Sunday, September 15, 2013

Charity money woes so bad finance manager bursts into flames

The finance manager for Metro’s largest charity burst into flames last night when explaining the latest financial figures to the Board of Directors.

Wendy Turnip, 59, had just started to explain why the Metro Community Trust had one of the highest expense ratios of any charity of its kind in the US when smoke began to appear from her ears.

“She was going over the numbers and I smelled something,” said Board Chair Dibble Brewer. “That’s when I saw the smoke. First it was gray, then it turned black.”

Witnesses say that when Turnip began to compare the Foundation to other foundations in the tri-state area part of her sleeve burst into flame. Turnip carried on oblivious, until one of the board members used a nearby fire extinguisher to douse her.

The presentation set off the fire alarms in the building. Firefighters arrived a few minutes later and took a hose to Turnip, who was still trying to finish her presentation.

“When we got there we saw this smoking, burning accountant trying to explain why advertising expenses were so high. We had to hose her down,” said Fire Captain Wes Snidely. “This happens all the time at local charities. We were called to a foundation just last week as a precaution when their accountant made their year-end report.”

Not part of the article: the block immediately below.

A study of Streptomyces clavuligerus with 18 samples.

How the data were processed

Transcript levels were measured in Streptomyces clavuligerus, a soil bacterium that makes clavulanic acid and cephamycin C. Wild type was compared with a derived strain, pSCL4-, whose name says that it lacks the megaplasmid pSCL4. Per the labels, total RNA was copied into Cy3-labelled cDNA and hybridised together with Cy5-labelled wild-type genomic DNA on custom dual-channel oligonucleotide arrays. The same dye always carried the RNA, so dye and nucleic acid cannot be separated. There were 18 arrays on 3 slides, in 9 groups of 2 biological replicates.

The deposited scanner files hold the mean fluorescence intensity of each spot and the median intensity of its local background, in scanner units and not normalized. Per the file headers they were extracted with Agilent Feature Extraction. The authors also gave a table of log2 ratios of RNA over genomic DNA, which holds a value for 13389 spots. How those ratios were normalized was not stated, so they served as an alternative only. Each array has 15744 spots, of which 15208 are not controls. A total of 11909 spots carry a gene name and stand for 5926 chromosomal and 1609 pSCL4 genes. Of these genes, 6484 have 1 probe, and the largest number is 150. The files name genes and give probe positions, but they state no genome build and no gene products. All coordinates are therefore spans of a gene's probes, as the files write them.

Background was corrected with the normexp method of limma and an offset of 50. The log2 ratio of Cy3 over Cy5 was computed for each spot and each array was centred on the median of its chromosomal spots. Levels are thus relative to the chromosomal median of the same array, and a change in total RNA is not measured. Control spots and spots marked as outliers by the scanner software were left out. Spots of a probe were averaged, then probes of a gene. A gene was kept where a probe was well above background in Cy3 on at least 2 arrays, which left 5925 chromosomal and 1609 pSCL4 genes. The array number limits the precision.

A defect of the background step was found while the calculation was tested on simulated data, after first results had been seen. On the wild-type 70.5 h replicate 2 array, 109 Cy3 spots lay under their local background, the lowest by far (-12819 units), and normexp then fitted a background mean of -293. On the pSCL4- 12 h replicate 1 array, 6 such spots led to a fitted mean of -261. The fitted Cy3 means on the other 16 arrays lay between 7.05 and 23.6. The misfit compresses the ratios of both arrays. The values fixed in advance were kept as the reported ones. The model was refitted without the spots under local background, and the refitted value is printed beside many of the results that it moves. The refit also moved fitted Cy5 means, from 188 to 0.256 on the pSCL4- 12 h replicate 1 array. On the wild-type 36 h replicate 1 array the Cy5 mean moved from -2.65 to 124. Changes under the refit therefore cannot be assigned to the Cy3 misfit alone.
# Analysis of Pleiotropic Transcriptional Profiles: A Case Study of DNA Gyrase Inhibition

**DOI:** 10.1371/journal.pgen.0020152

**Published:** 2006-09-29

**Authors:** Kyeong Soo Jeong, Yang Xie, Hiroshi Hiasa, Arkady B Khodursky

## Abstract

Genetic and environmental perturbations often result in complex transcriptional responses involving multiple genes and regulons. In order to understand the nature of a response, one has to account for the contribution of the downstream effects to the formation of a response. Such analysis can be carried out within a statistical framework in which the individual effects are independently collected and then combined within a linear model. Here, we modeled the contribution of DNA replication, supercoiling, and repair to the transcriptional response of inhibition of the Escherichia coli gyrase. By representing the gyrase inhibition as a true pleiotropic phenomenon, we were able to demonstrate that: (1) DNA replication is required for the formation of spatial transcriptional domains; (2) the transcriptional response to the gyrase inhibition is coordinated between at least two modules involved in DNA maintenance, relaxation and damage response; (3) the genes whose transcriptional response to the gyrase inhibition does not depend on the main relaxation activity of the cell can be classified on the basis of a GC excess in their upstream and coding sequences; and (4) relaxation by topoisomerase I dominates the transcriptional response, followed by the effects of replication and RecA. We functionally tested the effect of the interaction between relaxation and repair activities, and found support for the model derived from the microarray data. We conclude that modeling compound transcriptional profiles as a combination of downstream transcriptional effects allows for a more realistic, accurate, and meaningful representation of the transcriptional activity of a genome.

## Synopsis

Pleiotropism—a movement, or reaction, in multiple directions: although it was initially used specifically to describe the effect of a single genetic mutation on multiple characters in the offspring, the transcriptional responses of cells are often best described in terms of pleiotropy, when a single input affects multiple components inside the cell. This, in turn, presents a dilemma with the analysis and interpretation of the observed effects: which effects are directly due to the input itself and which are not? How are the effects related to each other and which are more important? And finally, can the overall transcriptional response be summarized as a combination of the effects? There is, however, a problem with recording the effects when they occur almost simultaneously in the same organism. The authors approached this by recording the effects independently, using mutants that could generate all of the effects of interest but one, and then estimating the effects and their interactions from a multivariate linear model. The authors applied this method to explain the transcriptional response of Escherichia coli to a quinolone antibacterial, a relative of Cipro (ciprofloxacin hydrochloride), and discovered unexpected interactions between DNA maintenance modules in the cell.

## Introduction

Turnip was unharmed, but her clothing was ruined and her hair was slightly singed. Foundation officials say she will likely recover but only after months of therapy.

Experts say charity finance leaders burst into flames all the time. It is likely the cause of poor financial standards and lack of oversight.

“Most US charities have accountants who don’t actually speak English. Most financial committees of charity boards of directors haven’t got a clue what these people say, but they just agree with them,” said Dr. Bob Peacock, a scientist at the University of Northern South Dakota who has studied charity accounting.

“The angst that charity financial management creates is a slow fuse that burns and burns, and in some cases finally erupts into flames. There’s nothing that can be done except wrap them in fire retardant materials and have a bucket of water standing by.”

Brewer says Board members have been reluctant to ask for more information on the Foundation’s finances lest Turnip catches on fire again.

“She’s the only one who understand our finances. But I’m not about to turn her into a human torch just too find out if we’re actually paying the bills. That would be cruel.”